When this issue occurred, top was showing that the large majority of CPU was of interrupt category despite low traffic levels. Failing over to the secondary member of the cluster did not fix the problem; the fault moved. This issue can be reproduced on Nokia IP Appliances running IPSO and newer Checkpoint platforms running Gaia.
last pid: 59653; load averages: 0.05, 0.07, 0.02 up 571+16:11:35 12:19:30
45 processes: 1 running, 44 sleeping
CPU states: 1.8% user, 0.0% nice, 1.8% system, 86.1% interrupt, 10.4% idle
Mem: 248M Active, 1321M Inact, 218M Wired, 72M Cache, 99M Buf, 143M Free
Swap: 4096M Total, 4096M Free
ps -aux was showing high CPU time consumed by [swi1: net_taskq0].
cpfw[admin]# ps -aux
USER PID %CPU %MEM VSZ RSS TT STAT STARTED TIME COMMAND
root 14 98.2 0.0 0 16 ?? RL 10Feb12 65517:46.72 [swi1: net_taskq0]
Running netstat -ni showed errors incrementing on a few interfaces. At first this seemed like a hardware issue so failover to secondary was initiated. The problem moved to the other firewall.
After more digging, the culprit was found to be some new traffic streams of low bandwidth, but extremely high packet rate (in this case, some UDP syslog forwarding to a host beyond the firewall). A layer 3 switch at the source end was also having some issues so some of the traffic patterns may have been anomalous, compounding the issue.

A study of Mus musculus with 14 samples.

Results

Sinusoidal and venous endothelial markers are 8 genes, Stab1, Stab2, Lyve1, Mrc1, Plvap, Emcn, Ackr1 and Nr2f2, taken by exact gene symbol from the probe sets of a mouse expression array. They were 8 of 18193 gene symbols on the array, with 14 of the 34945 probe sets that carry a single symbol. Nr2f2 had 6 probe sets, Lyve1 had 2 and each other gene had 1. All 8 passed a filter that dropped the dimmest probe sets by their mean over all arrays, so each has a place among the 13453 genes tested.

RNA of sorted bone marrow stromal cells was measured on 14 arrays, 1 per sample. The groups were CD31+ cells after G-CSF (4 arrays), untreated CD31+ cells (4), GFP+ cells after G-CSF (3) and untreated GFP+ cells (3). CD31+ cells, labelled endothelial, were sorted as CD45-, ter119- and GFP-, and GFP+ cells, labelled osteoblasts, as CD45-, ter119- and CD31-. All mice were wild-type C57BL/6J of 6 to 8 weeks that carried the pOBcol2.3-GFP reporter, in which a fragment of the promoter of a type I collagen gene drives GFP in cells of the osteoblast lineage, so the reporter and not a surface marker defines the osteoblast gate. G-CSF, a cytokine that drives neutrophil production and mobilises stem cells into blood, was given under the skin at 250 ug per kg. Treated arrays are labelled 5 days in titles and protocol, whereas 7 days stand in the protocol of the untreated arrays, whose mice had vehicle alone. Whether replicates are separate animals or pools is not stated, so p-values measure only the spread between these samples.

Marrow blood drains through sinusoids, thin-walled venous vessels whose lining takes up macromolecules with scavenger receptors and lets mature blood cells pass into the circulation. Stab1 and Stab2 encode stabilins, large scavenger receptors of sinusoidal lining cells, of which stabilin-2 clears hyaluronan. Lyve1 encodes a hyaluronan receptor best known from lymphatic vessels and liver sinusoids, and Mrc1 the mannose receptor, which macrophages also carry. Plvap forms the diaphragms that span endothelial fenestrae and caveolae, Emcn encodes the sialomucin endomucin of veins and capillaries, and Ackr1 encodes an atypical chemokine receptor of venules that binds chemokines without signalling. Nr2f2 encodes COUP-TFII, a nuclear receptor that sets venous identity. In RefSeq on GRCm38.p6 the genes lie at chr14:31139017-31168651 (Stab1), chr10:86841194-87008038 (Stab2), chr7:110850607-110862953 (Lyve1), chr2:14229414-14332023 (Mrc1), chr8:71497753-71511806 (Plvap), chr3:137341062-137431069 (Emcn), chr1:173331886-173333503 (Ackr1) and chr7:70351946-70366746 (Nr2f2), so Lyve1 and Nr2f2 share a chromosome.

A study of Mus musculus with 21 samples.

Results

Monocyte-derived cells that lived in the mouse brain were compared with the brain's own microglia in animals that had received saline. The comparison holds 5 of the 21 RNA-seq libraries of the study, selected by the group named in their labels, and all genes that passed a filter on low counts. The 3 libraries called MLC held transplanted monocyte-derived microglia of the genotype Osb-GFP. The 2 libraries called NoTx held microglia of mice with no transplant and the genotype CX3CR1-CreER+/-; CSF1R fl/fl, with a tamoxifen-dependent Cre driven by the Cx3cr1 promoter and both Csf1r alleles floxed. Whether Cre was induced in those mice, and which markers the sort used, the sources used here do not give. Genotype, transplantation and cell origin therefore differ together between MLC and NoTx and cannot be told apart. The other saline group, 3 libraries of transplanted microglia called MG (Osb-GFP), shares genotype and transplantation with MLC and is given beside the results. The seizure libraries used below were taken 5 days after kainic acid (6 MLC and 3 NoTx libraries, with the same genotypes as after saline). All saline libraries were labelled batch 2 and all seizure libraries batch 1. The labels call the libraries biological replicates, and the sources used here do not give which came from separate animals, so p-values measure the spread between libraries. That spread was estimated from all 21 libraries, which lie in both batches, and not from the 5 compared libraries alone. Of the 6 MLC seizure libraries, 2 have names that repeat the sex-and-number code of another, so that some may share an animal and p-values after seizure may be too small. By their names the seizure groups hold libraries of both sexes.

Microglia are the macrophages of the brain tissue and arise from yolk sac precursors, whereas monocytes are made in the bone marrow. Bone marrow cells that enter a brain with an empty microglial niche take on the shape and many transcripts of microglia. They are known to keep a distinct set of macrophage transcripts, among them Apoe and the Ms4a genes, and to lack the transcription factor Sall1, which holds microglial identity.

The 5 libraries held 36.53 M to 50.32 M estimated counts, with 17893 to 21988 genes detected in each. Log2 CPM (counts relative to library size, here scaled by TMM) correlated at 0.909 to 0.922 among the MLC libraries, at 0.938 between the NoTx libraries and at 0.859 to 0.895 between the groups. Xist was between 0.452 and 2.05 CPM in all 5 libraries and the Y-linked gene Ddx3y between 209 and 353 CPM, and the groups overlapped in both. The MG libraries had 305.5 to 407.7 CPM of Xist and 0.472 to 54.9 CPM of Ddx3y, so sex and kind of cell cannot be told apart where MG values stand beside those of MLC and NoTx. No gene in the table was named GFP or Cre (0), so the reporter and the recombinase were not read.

This traffic was not permissioned on the firewall so was being matched by the drop rule. It seems that having a large rule base makes this issue even worse as traffic at a rate of thousands of packets per second is consuming a lot of CPU cycles. It was noted that adding a rule to permission the traffic near the top of the rule base dropped CPU usage significantly.
It makes sense to assume that as these streams are hitting the drop rule very frequently, rapid evaluations of the entire rulebase are taking place. The handling of “flows” for UDP traffic is probably more limited than is implied in IPSO/Gaia documentation.
It is worth enabling monitoring and finding this sort of traffic to allow you to create or move appropriate rules near the top of the rulebase to avoid unnecessary extra processing, especially if your rulebase is in the order of hundreds of rules.
I suppose you could conclude that you could quite easily DoS a policy-heavy checkpoint firewall by throwing a rapid stream of UDP packets to a far-side destination that doesn’t match anywhere in the rulebase. Note that this issue was encountered on an internal firewall where IPS was NOT enabled. IPS may mitigate this problem.